Neurodegenerative Disorders Tied to COVID Infection
While neuroinflammation may contribute to the accelerated development of neurodegenerative disorders, the authors also highlighted the implications of the scientific focus on long-term sequelae after COVID-19.
The study analyzed in- and outpatients in Denmark between February 2020 and November 2021, as well as influenza patients from the corresponding pre-pandemic period. Researchers used statistical techniques to calculate relative risk, and results were stratified for hospitalization status, age, sex, and comorbidities.
COVID-19 and Neurogenerative Disorders
Dr Pardis Zarifkar, lead author from the Department of Neurology, Rigshospitalet, Copenhagen, Denmark, explained, “More than two years after the onset of the COVID-19 pandemic, the precise nature and evolution of the effects of COVID-19 on neurological disorders remained uncharacterized.
Previous studies have established an association with neurological syndromes, but until now it is unknown whether COVID-19 also influences the incidence of specific neurological diseases and whether it differs from other respiratory infections”.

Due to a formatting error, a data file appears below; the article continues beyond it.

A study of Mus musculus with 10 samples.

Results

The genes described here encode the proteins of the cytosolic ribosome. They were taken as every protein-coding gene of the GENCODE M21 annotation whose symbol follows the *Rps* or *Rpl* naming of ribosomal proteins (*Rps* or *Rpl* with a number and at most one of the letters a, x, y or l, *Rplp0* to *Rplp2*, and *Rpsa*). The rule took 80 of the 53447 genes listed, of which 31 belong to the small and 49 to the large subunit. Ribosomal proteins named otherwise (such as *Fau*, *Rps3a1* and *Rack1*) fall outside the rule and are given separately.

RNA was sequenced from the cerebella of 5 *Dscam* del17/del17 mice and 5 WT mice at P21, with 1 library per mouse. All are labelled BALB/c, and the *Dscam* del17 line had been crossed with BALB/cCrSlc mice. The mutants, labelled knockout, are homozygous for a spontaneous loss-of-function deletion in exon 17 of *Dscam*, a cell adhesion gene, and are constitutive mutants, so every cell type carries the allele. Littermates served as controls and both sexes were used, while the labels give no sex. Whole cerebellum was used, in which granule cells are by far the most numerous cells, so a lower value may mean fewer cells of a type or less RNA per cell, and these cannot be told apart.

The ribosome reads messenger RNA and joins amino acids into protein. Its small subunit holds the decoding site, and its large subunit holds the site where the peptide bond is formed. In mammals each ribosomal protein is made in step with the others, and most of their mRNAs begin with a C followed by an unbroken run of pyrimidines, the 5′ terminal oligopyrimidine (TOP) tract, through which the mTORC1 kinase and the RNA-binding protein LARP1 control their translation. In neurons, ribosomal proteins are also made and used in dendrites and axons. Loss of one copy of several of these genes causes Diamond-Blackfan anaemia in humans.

The increased risk of most neurological diseases was, however, no higher in COVID-19-positive patients than in people who had been diagnosed with influenza or other respiratory illnesses. COVID-19 patients had a 1.7 times increased risk of ischaemic stroke compared to influenza and bacterial pneumonia inpatients over 80 years of age.
The frequency of other neurodegenerative illnesses such as multiple sclerosis, myasthenia gravis, Guillain-Barré syndrome and narcolepsy did not increase after COVID-19, influenza, or pneumonia.
Dr. Pardis Zarifkar added, “We found support for an increased risk of being diagnosed with neurodegenerative and cerebrovascular disorders in COVID-19 positive compared to COVID-negative patients, which must be confirmed or refuted by large registry studies in the near future. Reassuringly, apart for ischemic stroke, most neurological disorders do not appear to be more frequent after COVID-19 than after influenza or community-acquired bacterial pneumonia.”
“These findings will help inform our understanding of the long-term effect of COVID-19 on the body and the role that infections play in neurodegenerative diseases and stroke.”